Here’s wishing you a merry Christmas and a fabulous New Year ahead. We’ll be bringing you some additional features in the New Year–so please stay tuned.
Of course, the writer misses some of the finer nuances in our exotic IP jurisprudence—for e.g., the domain name “christmas.com” being owned by an unknown Isle of Man entity does not in any way suggest an unfair or small hearted IP regime!
Given our earlier post on an opaque entity that goes by the name of PPL and its propensity to bully folks into buying blanket licenses (particularly during the festive season, when music and wine flow freely), the title “How the Grich Stole Christmas” in the story below could not have been more apt. Unless of course, some of our establishments decide to stand up and fight them. Anyway, enjoy the story…
Who Owns Christmas?
William Pentland, 12.10.08, 11:20 AM EST
‘Tis the season for intellectual property lawyers.
In late November, Louisville, Ky., abruptly abandoned plans for a Christmas display based on the story “How the Grinch Stole Christmas.”
It wasn’t because of public uproar, or the big green meanie terrifying small children. No, it was the cease-and-desist letter from lawyers representing the estate of legendary children’s author Dr. Seuss, threatening to sue for copyright infringement if the city went ahead with the Grinch-themed display.
“It appears these lawyers’ hearts are two sizes too small,” Louisville Mayor Jerry Abramson told reporters at the time.
Same thing happened in Medford, Mass. The town narrowly escaped a copyright infringement suit for a Christmas celebration called “Jingle Bells Festival.” Medford officials agreed to rename the festival next year after Black Crow Media, a company based in Valdosta, Ga., filed a lawsuit alleging infringement.
So be warned. Christmas may be a lot of things, but it’s also a boon for lawyers, as owners of some of your most beloved holiday traditions defend their intellectual property rights from all comers.
Santa Claus is a case in point. Father Christmas, a British company and owner of Santa-Claus.com, owns a trademark for “Santa Claus.” Trademark experts say that “Santa Claus” has become part of the public domain and that the trademark probably would not pass muster in a legal challenge. But apparently, the U.S. Patent and Trade Office didn’t agree. In 2000, it added the “Santa Claus” trademark to the long list of approved holiday-themed, legally recognized trademarks, which include everything from “Santa’s Elf” clothing to “St. Nick’s” beer to “Santa Claws” pet apparel.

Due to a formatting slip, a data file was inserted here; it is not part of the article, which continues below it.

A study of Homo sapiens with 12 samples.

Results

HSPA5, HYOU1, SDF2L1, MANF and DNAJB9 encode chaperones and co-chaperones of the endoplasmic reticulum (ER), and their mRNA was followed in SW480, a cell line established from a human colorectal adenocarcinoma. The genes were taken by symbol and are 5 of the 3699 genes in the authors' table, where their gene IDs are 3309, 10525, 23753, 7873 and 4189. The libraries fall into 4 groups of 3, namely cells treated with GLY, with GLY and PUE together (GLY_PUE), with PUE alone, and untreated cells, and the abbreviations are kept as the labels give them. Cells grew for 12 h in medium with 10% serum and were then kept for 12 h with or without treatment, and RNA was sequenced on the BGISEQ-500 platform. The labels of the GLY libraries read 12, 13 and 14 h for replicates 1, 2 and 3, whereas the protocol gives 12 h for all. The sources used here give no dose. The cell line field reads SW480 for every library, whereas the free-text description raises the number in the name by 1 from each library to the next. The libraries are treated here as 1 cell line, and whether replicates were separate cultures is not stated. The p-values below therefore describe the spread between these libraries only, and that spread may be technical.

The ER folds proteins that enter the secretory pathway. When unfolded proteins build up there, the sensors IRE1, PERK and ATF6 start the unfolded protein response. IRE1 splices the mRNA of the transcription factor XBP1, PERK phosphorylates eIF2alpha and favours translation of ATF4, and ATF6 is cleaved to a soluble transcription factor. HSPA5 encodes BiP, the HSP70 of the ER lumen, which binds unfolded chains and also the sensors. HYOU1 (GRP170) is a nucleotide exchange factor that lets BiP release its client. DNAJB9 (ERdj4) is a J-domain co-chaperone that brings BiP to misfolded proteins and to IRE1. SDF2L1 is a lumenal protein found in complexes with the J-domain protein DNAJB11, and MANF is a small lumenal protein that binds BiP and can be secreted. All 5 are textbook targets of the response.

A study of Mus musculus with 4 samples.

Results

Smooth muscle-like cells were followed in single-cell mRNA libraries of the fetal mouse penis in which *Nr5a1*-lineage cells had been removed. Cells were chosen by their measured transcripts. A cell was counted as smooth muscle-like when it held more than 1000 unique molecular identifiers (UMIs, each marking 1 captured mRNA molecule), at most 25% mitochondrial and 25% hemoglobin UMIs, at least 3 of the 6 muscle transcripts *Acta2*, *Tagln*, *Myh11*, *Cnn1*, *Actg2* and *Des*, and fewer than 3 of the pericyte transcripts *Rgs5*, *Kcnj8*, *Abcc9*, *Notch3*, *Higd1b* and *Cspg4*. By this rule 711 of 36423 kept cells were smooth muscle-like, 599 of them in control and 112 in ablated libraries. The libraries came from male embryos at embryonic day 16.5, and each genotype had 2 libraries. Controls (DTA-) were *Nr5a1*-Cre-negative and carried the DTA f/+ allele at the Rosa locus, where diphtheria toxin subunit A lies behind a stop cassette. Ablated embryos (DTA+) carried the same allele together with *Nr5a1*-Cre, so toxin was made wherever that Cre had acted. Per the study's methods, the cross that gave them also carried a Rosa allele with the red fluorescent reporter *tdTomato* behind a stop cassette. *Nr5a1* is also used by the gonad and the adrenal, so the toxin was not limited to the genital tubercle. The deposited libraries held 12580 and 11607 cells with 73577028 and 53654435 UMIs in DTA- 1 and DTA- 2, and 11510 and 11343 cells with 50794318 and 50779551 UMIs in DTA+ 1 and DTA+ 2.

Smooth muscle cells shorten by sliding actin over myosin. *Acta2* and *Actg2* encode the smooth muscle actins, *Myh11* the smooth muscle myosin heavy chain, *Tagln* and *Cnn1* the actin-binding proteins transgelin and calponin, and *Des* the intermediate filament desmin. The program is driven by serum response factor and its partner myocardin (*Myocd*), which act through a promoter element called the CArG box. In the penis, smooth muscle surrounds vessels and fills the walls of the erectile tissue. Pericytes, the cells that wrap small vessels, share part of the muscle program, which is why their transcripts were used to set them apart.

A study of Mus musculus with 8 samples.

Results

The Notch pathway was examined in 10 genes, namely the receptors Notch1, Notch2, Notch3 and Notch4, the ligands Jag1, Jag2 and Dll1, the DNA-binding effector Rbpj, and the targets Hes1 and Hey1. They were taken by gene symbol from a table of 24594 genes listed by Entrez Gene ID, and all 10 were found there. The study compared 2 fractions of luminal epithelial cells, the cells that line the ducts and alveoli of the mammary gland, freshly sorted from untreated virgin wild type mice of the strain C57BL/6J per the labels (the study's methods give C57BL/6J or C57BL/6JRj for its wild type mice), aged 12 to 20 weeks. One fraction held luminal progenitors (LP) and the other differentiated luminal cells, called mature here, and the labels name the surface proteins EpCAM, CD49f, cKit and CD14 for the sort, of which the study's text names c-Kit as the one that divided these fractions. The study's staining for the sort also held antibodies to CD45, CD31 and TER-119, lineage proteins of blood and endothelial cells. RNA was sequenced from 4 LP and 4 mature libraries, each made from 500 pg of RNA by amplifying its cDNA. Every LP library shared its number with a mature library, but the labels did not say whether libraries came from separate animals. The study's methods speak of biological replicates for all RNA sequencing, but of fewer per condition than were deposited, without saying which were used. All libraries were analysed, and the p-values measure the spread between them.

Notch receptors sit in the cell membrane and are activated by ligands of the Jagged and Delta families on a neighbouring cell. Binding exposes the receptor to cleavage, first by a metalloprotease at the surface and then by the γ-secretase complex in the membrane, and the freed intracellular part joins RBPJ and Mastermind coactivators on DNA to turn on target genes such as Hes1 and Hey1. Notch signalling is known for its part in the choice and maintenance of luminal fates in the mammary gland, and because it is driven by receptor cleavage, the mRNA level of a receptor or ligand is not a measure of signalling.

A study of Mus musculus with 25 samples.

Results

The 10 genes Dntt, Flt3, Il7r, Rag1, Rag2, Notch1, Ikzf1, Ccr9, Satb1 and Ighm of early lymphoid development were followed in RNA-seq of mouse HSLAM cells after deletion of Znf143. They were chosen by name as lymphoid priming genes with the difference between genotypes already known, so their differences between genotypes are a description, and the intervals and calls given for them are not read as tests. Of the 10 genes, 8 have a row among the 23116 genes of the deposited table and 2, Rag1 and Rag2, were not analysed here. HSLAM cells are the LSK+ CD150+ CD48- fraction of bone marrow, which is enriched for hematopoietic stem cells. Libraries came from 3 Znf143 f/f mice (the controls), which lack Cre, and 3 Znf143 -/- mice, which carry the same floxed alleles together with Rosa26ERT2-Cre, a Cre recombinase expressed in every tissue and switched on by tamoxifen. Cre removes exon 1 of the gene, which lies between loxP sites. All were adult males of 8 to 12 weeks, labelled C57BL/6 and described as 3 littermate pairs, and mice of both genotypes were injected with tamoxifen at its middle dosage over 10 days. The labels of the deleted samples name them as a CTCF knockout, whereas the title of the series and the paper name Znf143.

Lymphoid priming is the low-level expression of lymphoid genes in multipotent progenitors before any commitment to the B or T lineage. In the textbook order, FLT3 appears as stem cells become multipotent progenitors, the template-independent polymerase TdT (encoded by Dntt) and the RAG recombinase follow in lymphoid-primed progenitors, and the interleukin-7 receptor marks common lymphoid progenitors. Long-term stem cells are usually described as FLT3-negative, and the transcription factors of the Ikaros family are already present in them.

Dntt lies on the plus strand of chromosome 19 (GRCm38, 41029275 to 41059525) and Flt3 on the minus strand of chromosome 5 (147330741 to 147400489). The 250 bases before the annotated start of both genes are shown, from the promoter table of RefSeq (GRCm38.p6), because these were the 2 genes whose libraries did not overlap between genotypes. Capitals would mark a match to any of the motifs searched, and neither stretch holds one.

Domain names are also a holiday legal hot spot. GlobalAccess, an obscure company located on the equally obscure Isle of Man, has owned Christmas.com since 1994. Versimedia, which also owns GreetingCards.com, has owned Hanukkah.com since 1997. P. Gordon, owner of Getaway.com and UnitedStates.com, owns Holidays.com.
And those pictures of your kids with the mall Santa? You may own the print, but not the image itself. That belongs to the individual or institution that took the photograph. Unless you shot the photograph with your own camera, making copies of a print is illegal. Unfortunately, most people only discover this when an unlucky clerk at Kinko’s or Wal-Mart refuses to create a copy without permission from the copyright owner.
Even asking for presents is in legal limbo. Much to the chagrin of computer-savvy children everywhere, a company in Florida called Channel Intelligence says it owns the rights to digital wish lists. Last week, it filed a lawsuit against half a dozen Internet start-ups alleging patent infringement, saying they had violated the patent by creating ways for users to create wish lists for products that people may want others to buy for them.
For Arthur Rankin Jr., creator of Claymation TV classics like Rudolph the Red-Nosed Reindeer, Frosty the Snowman and The Year Without a Santa Claus, it’s all become a bit much.
“If I had written the Grinch story, I would let the people in Louisville use it,” says Rankin. “These days it can seem more like the Grinch who stole Hollywood sometimes.”
Rankin is trying to recover more than $2 million in royalties from Warner Bros., which he says failed to pay him contractual fees for broadcasting the holiday specials. Warner Bros. declined to comment on the case.